Among the “good” economic news today was private residential construction spending, which rose 2% in November and 3.4% year-over-year, according to the Census Bureau, confirming similar trends in building permits and housing starts reported earlier. Construction creates lots of jobs and contributes significantly to GDP. Everyone, from the President down to local politicians, wants it to grow. It gets them reelected. But for homeowners, banks, and tax payers, these trends are costly.
Today’s housing market is a consequence of the credit bubble that the Greenspan Fed engineered. It sparked a speculative boom. Developers went crazy. Lenders made liar loans. Values soared. People bought houses sight-unseen to get rich. Cities and states collected taxes. Everyone was happy. When the construction bubble peaked in January 2006, housing starts hit an annual rate of 2.3 million units. But after years of overbuilding, the frenzy dried up. What was left was a housing glut. And vacant units became the root cause of the decline in home values.
There were a lot of them of vacant homes: 18.8 million in 2009, according to the Census Bureau. While reasonable people may have quibbles with that number, everyone agrees that the inventory of vacant units is immense. Whether it’s 18.8 million or 12 million units only changes the duration of the healing process, not the problem itself.
But the healing process is in trouble. If you rent or buy a home and move into it, you also move out of the property you’re in. Hence, no net impact on the inventory of vacant homes. What impacts it are wildfires, hurricanes, or rot. And household formation. Household formation is a demographic force that can mop up vacant homes in a hurry. Yet, it has declined over the last few years and was even negative for a while. In 2011, only 600,000 households were formed, a far cry from a range of one to two million a year in prior decades.
A blip caused by the financial crisis? Probably not. At least not entirely. Researchers have put their fingers on a number of issues, including the record low marriage rate and record high median age for first marriage (Pew Research Center)—a trend that has also manifested itself in other developed countries and is unlikely to reverse.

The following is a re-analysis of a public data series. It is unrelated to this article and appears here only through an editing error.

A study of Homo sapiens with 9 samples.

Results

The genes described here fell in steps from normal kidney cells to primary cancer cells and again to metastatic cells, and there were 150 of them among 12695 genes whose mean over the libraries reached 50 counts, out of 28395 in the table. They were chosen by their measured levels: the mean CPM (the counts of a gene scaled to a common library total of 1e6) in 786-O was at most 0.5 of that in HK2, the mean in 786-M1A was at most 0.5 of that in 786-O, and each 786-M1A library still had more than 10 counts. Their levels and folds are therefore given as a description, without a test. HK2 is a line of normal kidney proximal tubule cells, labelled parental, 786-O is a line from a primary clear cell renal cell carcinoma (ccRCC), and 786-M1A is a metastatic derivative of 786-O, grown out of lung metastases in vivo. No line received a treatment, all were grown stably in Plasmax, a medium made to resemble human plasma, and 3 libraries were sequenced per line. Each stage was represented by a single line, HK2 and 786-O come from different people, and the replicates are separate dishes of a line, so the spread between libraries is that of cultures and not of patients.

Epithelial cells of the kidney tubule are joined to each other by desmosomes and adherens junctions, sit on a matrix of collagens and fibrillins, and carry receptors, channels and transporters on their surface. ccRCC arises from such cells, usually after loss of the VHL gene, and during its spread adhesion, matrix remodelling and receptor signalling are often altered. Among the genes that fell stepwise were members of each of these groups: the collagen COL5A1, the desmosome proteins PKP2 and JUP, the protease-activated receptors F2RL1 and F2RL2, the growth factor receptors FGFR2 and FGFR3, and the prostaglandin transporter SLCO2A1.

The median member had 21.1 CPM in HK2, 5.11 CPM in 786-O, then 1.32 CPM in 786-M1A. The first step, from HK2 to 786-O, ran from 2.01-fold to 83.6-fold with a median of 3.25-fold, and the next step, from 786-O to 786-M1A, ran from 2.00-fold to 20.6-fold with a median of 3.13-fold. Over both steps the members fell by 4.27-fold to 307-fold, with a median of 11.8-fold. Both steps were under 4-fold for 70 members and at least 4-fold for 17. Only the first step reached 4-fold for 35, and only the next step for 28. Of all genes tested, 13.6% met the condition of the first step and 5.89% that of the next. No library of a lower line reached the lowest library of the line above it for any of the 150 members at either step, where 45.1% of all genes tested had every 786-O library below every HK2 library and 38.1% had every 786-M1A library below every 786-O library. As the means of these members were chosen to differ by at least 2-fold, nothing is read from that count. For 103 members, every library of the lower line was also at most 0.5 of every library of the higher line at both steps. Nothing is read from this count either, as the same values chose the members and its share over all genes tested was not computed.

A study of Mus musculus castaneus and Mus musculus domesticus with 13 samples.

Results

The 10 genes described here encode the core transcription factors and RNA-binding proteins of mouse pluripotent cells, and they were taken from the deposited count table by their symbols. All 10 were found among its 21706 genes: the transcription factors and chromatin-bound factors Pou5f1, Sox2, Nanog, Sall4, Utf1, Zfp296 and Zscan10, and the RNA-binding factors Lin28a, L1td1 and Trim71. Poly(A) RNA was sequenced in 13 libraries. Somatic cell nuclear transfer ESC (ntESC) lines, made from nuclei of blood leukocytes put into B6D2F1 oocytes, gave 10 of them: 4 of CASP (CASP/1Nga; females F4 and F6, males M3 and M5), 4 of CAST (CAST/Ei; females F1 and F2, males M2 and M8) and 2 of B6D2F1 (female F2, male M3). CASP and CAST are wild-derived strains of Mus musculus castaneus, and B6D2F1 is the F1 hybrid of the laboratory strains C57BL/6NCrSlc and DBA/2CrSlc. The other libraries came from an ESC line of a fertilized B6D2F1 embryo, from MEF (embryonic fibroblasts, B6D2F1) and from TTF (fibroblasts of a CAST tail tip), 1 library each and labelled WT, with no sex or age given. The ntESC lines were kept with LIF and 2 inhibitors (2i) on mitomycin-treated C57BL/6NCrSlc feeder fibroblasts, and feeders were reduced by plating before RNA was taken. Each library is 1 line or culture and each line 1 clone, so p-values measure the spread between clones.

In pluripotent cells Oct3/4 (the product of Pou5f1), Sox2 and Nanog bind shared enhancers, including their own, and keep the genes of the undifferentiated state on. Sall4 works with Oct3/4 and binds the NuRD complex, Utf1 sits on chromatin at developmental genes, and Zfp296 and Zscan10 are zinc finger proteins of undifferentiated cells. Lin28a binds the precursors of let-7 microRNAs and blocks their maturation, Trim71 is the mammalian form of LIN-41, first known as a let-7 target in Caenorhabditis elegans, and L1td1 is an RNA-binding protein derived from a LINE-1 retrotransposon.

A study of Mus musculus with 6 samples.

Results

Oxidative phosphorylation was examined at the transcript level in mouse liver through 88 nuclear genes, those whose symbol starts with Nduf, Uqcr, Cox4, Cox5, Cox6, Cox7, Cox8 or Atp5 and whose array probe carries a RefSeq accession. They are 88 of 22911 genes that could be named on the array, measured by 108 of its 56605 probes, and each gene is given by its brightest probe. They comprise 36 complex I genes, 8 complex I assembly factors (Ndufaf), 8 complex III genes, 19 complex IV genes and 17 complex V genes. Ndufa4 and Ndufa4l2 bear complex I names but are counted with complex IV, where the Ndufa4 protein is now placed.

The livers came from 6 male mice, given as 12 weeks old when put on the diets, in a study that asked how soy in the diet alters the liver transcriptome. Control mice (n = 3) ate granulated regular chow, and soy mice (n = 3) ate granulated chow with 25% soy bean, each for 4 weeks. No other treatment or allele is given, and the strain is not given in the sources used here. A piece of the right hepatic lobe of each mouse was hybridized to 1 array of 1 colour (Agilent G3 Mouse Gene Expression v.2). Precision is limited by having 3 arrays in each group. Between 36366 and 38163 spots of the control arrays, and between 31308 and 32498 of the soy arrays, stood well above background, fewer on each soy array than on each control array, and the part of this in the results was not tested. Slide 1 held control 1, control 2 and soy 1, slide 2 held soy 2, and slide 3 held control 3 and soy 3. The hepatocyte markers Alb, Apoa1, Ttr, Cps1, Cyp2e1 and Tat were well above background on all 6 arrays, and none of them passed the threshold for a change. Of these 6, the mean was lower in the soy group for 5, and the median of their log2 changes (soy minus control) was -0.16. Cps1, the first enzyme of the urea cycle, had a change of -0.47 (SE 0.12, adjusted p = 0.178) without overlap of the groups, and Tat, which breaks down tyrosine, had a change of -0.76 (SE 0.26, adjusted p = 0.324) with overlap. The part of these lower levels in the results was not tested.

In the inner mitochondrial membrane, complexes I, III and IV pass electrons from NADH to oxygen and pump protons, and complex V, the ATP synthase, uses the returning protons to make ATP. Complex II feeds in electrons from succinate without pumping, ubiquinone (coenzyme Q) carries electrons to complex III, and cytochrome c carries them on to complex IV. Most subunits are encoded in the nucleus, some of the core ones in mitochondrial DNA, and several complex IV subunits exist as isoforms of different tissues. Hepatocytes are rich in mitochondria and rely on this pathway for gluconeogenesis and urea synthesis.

So, if the industry builds homes at the current rate rate of 685,000 units in 2012, and household formation stays at 600,000 for the year, then the inventory of vacant homes will grow by 85,000. OK, some of those homes may replace teardowns, but still. Any increase in residential construction spending simply worsens the problem.
In March 2011, the Case-Shiller Home Price Index hit a preliminary low—down 33.4% from its peak in June 2006. After a slight uptick over the spring and summer, the index started to decline again. The most recent data, published on December 27, reflected price levels of August, September, and October: down 3.4% from last year. As the index picks up seasonal price declines typical for the winter months, it will likely hit new lows. And so it will continue: periods of false hope followed by declines and new lows.
Price declines entail foreclosures, already a horrendous problem. Over 6 million borrowers are currently delinquent more than 30 days, and two million homes are in foreclosure. It’s a vicious cycle: foreclosure sales put downward pressure on prices, which causes further delinquencies and foreclosures. Banks are getting hit with losses—and so are taxpayers through the never-ending bailouts of Fannie Mae and Freddie Mac.